If you are unaware of the current events in Ireland right now (don’t worry, you’re not alone!), but it would definitely be worth your time to google the 8th amendment. In 1892, the 8th amendment was added to the Irish constitution, which illegalized abortion. And 2 Fridays ago, the country had a vote to repeal it, which passed. This is a giant feat for the country of Ireland, as women finally feel their voices have been heard after being shushed for so long. The very first thing I noticed coming into the city were the giant signs plastered on sign poles and buildings, screaming YES and NO at you. It was impossible not to notice them, along with the campaigners who stood at every street corner with their YES and NO paraphernalia. The “no” signs were quite pleading and graphic, stating, “If killing an unborn baby at 6 months bothers you, then vote no.” Then, with a picture of a fetus, “I am 9 weeks old; I can yawn and kick; don’t repeal me.” The one that was most unsettling to me was also a fetus, with hands in a praying gesture, saying, “A license to kill? Vote NO to abortion on demand.” The “yes” posters on the other hand said things like, “Sometimes a private matter needs public support”, and “Our bodies, our choice”. My favorite one simply stated, “Stop shaming women.”
We arrived in Dublin on a Tuesday, and the vote was that Friday. The country was tense, and it was palpable. Our first few days of being in the country, my group and I would enjoy our lunches in a park, where “yes” campaigners would eagerly hand us their badges (which I wore proudly on my shirt, even though I obviously couldn’t vote). As the vote drew nearer, campaigners became more adamant and prevalent. I asked around to random Irish people I met (in pubs, on the bus, our tour guides) on which way they thought the vote would turn out. Granted, the people that I struck up these conversations with were out and proud “yes” voters, but it seemed pretty split in half to me. Even some people who voted yes thought, because of the Catholic prevalence in Ireland, that the amendment still might not be repealed. I was awfully excited to see how it would play out.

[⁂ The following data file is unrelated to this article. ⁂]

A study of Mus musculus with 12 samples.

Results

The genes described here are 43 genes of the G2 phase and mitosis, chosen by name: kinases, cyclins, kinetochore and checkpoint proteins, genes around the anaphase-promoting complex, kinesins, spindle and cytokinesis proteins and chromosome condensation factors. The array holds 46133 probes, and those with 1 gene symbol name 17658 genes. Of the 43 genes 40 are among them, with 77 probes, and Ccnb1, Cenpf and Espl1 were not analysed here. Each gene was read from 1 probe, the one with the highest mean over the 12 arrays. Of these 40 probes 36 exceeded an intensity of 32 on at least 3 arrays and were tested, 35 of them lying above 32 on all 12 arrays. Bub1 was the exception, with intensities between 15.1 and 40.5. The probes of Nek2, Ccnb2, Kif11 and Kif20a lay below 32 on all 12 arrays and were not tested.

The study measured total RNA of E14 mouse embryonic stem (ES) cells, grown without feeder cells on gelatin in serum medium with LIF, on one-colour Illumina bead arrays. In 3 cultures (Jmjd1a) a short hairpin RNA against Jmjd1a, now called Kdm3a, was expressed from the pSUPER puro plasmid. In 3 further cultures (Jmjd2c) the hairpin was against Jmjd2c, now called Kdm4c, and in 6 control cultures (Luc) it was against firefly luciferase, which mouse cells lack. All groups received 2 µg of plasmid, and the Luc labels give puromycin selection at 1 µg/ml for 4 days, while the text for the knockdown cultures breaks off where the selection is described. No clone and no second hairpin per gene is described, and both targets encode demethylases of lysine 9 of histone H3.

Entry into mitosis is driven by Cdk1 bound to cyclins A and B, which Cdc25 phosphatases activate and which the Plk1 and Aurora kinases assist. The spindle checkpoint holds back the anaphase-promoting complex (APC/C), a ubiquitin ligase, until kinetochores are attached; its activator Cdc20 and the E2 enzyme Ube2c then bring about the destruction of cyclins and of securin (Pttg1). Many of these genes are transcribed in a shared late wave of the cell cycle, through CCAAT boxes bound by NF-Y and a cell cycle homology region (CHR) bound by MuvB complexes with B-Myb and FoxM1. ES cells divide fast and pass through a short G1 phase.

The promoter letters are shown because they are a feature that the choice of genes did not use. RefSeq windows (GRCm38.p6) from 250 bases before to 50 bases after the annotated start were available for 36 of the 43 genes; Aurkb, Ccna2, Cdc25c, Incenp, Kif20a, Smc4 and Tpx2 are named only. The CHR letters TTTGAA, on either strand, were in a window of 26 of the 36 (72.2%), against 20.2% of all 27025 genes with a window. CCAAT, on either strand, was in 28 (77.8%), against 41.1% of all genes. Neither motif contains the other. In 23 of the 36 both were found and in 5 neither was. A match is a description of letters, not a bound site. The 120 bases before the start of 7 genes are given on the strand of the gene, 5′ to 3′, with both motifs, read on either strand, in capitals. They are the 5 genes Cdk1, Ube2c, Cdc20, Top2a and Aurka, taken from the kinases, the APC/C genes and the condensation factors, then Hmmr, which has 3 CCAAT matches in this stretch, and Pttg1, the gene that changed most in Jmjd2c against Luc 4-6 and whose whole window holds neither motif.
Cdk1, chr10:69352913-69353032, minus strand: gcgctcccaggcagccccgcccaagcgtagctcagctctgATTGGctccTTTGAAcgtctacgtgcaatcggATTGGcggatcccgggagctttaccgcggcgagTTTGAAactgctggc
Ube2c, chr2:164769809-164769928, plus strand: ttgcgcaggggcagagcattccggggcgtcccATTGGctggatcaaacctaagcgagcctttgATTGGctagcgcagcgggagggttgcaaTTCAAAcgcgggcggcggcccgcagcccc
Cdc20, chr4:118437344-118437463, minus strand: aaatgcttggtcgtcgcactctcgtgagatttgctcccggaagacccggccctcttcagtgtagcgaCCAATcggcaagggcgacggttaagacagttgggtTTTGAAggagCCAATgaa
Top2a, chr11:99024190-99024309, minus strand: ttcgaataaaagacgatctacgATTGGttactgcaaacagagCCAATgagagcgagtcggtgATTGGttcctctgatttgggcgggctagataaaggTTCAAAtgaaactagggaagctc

The Friday of the vote, the campaigners were everywhere. The air was tense. Badges were worn on so many people’s shirts, jackets, and bags. That evening, I found myself in a pub, where my friends and I befriended an Australian journalist in Ireland covering the referendum. As the night went on and it looked like the repeal would indeed pass, we watched women around the pub exclaim with joy, squeeze their loved ones, toast, and cry. I met a woman who told me the story of Savita Halappanavar, whose face was plastered around the city on different “yes” posters. Savita was a pregnant woman in 2012 who was denied an abortion, even though her health was failing quickly, and who died within the week. The death of Savita caused an uproar in Ireland, and pushed the “yes” movement forward. The woman who shared Savita’s story with me was near tears when explaining how there have been cases in Ireland where pregnant women who had cancer were denied chemotherapy because chemo would cause harm to the fetus.
I was obsessed with Dublin the moment I got here, and to be here during the repeal of the 8th amendment has been something truly incredible. To the women of Ireland, I’m overjoyed that your voices have been heard and it’s been an honor to rejoice with you all.